Sculptor, sports enthusiast dies after hang gliding accident

2011-04-09 00:00

WORLD-acclaimed sculptor and sport enthusiast Bruce McClunan died in hospital after a hang-gliding accident in Bulwer a week ago.

McClunan (54) was taken off the ventilator on Thursday night and died peacefully in the presence of his family and friends at the Inkosi Albert Luthuli Trauma intensive care unit.

Speaking to Weekend Witness, his son Daemon, who is a doctor at Grey’s Hospital, said because of his father’s extensive neck and spinal injuries, he would not have survived without the assistance of the ventilator.

“He died at around 7 pm. He did not suffer. We are a close family and we were all there talking to him. We were joined by a huge group of his friends who came to support us, which made a big difference.”

Daemon (25) described his dad as very adventurous, family and friends oriented and as someone always on the go.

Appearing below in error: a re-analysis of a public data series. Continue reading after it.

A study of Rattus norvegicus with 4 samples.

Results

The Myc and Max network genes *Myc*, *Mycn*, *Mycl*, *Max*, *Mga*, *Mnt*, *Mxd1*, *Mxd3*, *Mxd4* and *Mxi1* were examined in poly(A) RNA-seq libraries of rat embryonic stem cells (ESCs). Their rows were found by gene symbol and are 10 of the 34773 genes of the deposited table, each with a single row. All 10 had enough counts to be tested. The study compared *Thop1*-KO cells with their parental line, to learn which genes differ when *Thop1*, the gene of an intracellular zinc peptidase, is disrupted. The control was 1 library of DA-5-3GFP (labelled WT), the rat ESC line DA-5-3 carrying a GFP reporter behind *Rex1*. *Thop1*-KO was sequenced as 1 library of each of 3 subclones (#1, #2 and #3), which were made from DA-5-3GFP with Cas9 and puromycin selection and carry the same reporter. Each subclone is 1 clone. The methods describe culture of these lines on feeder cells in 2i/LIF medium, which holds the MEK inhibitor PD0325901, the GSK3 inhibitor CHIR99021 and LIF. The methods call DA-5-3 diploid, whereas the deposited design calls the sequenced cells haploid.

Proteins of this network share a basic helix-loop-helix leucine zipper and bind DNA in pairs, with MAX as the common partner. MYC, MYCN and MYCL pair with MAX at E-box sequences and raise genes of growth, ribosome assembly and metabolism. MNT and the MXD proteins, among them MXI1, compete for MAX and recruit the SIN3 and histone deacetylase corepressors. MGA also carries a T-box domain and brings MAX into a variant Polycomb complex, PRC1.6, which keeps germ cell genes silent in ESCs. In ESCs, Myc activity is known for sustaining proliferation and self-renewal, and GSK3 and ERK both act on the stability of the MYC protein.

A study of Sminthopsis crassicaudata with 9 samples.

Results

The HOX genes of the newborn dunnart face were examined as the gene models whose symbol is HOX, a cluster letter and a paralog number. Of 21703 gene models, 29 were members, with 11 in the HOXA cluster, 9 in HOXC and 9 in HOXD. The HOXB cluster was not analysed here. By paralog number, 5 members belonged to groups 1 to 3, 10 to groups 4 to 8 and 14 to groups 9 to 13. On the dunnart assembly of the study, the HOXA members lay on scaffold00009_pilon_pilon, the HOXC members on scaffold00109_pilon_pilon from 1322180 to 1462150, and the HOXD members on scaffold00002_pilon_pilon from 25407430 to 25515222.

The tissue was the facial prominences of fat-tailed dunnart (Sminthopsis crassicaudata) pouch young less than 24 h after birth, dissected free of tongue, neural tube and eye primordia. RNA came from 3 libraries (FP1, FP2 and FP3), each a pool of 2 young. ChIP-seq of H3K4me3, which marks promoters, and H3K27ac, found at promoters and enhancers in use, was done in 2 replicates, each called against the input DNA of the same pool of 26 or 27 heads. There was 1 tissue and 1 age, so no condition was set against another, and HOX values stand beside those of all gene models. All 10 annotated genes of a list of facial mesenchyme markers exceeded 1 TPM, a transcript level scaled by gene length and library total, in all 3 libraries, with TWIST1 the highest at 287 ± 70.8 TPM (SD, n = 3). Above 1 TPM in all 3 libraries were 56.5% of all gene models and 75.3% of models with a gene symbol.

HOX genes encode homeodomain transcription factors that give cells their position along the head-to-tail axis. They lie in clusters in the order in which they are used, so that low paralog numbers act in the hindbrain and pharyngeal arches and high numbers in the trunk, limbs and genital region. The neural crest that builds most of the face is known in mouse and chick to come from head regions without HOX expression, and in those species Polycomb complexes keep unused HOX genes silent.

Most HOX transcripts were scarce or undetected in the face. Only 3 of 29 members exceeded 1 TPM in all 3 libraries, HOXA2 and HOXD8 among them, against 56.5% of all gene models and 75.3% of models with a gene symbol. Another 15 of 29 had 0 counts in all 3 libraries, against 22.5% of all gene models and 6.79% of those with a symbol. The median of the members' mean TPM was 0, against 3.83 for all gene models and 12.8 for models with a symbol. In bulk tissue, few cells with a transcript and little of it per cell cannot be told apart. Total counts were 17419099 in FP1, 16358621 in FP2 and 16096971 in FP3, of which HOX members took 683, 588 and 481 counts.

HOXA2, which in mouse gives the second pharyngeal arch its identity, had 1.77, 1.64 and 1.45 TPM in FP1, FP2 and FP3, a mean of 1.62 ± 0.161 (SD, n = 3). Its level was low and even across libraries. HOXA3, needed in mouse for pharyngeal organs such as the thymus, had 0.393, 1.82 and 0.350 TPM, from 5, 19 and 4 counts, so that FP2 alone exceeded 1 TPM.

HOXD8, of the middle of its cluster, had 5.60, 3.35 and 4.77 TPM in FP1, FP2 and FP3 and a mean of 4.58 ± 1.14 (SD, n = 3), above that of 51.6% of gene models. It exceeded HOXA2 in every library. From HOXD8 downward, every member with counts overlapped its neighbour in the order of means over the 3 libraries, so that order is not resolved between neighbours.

Daemon affectionately related how his father, who was “addicted” to surfing at the time, saw someone hang gliding for the first time while living in Cape Town. “That was about 20 years ago and he has been doing it ever since,” said Daemon.

McClunan’s daughter Cassandra (29) said her father was a free spirit and no one could tone down his adventurous side. As well as hang gliding, McClunan was a keen rock climber and scuba diver. He also enjoyed swimming, running and cycling.

McClunan is best known for his wildlife bronze sculptures, which include the 600 mm-high Millennium Leopard with 24-carat gold eyes.

A bigger than life-sized statue of King Dinizulu is displayed in Greytown. Another life-size statue of the Isandlwana hero, Mkhosana Biyela, can be found at the Zulu cultural village near Sibaya Casino and Entertainment World.

Fellow sculptor and McClunan’s close friend Llewellyn Davies, who worked with McClunan for the past 26 years, said he will be best remembered for his generous spirit.

“He was a very fine artist, one of South Africa’s best. He had a huge spirit, a great sense of adventure and he affected everyone he came into contact with,” said an emotional Davies.

Davies first met McClunan in 1984 after McClunan, who was then a sign writer, contacted him wanting to pursue fine art professionally.